You guys really are obnoxious jerks.

When I was in middle school, somehow or another I fell in love with Obnoxious Jerks. Not guys who treated me poorly, but The Obnoxious Jerks (or Obnoious Jeks), a book about a group of intelligent guys who made it their goal to shake up the status quo by doing things like performing the school song badly (and on kazoo) in the school talent show, bringing a fancy meal to school one day a week for lunch (and keeping jackets in their lockers to dress up for it), serving brains at the school International Festival, and, their tour de force, the day they wore skirts to school to protest the dress code. I loved the Obnoxious Jerks. There are still several phrases in my vocabulary because of them (although I usually just say them to myself, because no one has any idea what I’m talking about).

The summer I was at Governor’s School, I hung out with a group of girls that were pretty varied. We were kind of the group that didn’t really fit in elsewhere, which was fun and stretching all at the same time. I remember one afternoon we were hanging out, talking about the disgusting cafeteria food, when Emily said, “Looks like a booger, smells like a booger, tastes like a booger . . . ” and I finished, “It’s a caper, sure it is.” We looked at each other with wide eyes of understanding, and knew our friendship was meant to be. To be honest, Emily and I were only friends for another year or so, but every time I see the book on my shelf, I think about her. She’s the only other person I knew who read it (we made some of the other girls read it that summer, but they did not love it as much as we did. It is a particularly middle school book, I think. I don’t think I ever asked Mike to read it, exactly for that reason).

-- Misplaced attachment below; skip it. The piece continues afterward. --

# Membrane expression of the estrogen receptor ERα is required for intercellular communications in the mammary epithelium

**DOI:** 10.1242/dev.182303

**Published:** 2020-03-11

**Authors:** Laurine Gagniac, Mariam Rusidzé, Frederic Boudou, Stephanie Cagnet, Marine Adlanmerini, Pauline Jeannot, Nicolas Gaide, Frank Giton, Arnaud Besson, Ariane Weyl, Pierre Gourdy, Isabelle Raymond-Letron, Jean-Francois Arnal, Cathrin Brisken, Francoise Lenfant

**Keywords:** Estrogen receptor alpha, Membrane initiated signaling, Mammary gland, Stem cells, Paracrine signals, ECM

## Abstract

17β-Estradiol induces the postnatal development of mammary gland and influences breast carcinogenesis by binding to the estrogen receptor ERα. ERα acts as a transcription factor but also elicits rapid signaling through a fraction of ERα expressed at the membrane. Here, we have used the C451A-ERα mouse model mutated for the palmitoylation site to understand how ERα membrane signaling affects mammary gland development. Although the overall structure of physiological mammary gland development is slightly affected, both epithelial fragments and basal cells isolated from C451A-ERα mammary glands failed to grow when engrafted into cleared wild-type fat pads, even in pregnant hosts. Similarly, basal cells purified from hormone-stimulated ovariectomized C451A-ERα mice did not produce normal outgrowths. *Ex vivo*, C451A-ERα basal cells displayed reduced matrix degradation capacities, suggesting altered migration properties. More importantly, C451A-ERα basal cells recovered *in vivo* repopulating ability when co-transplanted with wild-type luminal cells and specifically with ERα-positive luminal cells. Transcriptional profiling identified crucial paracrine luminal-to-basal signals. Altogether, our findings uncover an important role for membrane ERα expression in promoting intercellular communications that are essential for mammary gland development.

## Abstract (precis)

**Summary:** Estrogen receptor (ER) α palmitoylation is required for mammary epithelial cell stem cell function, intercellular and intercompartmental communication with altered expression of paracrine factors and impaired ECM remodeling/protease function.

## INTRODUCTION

I have to admit that I have always been a fan of secret clubs of friends, even to the point of trying to start my own. Several times. Maybe that’s why the idea of the Obnoxious Jerks was so appealing to me – while I never went to school with guys like that, it was nice to imagine that they existed, and that they cared enough about things to try to shake them up. It’s the kind of person I wanted to be in high school (let’s face it -I probably would have benefitted from breaking the rules a little bit more), I just couldn’t find anyone else to be an Obnoxious Jerk with me. (And then there’s the whole issue of women in the group.)

When I made the link to the title, I was particularly saddened to see that it’s not in print anymore. A huge, influential piece of my growing up, gone forever. I wrote this, in part, to point out that, while I do favor books that are more . . . girly . . . I, too, can appreciate the appeal of an Obnoxious Jerk. So much so that I started the book last night. Eldest can wait. The Obnoxious Jerks wouldn’t have that kind of patience.